Office of the Attorney General
Attorney General Conway Warns Storm Victims of Potential Scams
Attorney General Jack Conway continues to urge victims of the recent storms to be aware of potential con-artists who may attempt to prey on them in their time of need. Some concerns of “travelers” are being reported in the Johnson County area and consumers are encouraged to be wary of any door to door contractor offering services. Often these solicitors are fly-by-night contractors or other storm repair companies which may converge upon the area to take advantage of the storm victim’s situation.
“Unfortunately, it is often difficult to make informed decisions when disaster strikes and the time of need is immediate,” said Attorney General Conway. “These situations create an environment for fraud and victims are especially vulnerable to storm chasers and travelers offering services to those whose homes have been damaged. Shoddy construction, price gouging, charity scams, impersonating officials, and taking money without performing the work are common scams which occur during natural disasters”.
Attorney General Conway’s Office of Consumer Protection advises consumers needing home repair work to follow these guidelines:
• Ask family and friends to recommend contractors they have previously contracted with.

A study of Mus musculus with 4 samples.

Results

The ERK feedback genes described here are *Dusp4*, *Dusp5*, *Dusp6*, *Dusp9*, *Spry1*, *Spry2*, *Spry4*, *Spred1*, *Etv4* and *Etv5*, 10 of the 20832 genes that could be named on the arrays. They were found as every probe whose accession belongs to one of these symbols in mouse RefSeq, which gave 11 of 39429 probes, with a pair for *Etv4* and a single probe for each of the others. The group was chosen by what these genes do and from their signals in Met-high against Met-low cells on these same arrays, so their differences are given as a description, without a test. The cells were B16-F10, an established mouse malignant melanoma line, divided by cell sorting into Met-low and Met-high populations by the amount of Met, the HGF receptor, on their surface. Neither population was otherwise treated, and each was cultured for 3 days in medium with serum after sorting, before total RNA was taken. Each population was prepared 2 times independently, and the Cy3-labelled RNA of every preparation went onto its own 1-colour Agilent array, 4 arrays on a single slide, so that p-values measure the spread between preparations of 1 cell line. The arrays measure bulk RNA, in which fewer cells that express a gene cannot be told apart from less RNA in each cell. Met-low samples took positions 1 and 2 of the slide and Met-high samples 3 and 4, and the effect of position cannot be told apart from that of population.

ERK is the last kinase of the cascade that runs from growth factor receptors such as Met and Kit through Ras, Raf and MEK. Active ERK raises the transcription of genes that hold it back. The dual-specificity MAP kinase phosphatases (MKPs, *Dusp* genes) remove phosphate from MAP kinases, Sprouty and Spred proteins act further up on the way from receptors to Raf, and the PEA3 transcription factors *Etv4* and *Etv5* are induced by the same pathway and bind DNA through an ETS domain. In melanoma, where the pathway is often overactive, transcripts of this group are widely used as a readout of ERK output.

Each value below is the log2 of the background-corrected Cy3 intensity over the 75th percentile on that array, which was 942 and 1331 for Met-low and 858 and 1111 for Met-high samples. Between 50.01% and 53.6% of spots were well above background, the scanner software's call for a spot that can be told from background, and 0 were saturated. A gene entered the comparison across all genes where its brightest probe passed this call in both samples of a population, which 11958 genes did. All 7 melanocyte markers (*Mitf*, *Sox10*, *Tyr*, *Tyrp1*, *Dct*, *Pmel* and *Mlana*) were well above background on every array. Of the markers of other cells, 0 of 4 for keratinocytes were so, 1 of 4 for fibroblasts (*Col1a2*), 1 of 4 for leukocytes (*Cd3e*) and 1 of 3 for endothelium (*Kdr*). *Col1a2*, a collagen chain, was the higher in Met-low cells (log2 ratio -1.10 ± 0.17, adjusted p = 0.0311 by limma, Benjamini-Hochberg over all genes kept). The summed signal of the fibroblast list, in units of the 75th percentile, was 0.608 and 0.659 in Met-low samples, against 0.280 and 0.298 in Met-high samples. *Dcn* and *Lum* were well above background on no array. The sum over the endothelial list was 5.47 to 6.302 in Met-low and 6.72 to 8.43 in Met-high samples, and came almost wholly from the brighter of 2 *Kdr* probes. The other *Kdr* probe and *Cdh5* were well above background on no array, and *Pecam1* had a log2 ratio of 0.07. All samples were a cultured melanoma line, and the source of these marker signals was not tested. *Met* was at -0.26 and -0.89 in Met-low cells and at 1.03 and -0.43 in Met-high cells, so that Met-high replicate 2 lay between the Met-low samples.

• Ask if the contractor licensed if required by the city or county?
• If out of town, does the contractor have an established, licensed business elsewhere? Does the contractor have a city business license in your community, if required?
• Is the contractor insured? If so, ask for proof. Also, does the contractor carry workman’s compensation insurance?
• Can the contractor provide references of previous customers? Contact them to determine if they were pleased with the work performed.
• Do not rush into signing a contract right away.
• Get at least three estimates, if possible, before making a decision.
• Insist on a written contract.
• Read the fine print on any contract.
• Will local suppliers be used? Do they have established accounts with the suppliers? Confirm this and ask if the contractor is in good standing, if they can share this information.
• If you are asked to pay for the supplies upfront, offer to pay the supplier yourself. Be aware that liens may be placed on your property if the contractor does not pay for your supplies. Better yet, ask the contractor to provide a lien waver before starting your job. A lien waiver is a receipt that indicates that the workers or the suppliers will not ask for money once you have paid the contractor. Don’t sign a consent of owner statement which says you, the property owner, will cover the costs of materials and labor if the contractor doesn’t pay.
• Do not pay up front for the service. Pay as the job is done to your satisfaction.
• Be suspicious of contractors offering to finance your repair work. Remember, their finance charges will probably be higher than a local lending institution.
• Contact your regional Better Business Bureau to check the reputation of a contractor.
• If you suspect unscrupulous contractors in your neighborhood, get a description of the vehicle, the license number and any other identifying information and contact your local law enforcement.
For more information, contact the Attorney General’s Office of Consumer Protection at 1-888-432-9257. Other consumer resources include the Federal Trade Commission at www.ftc.gov.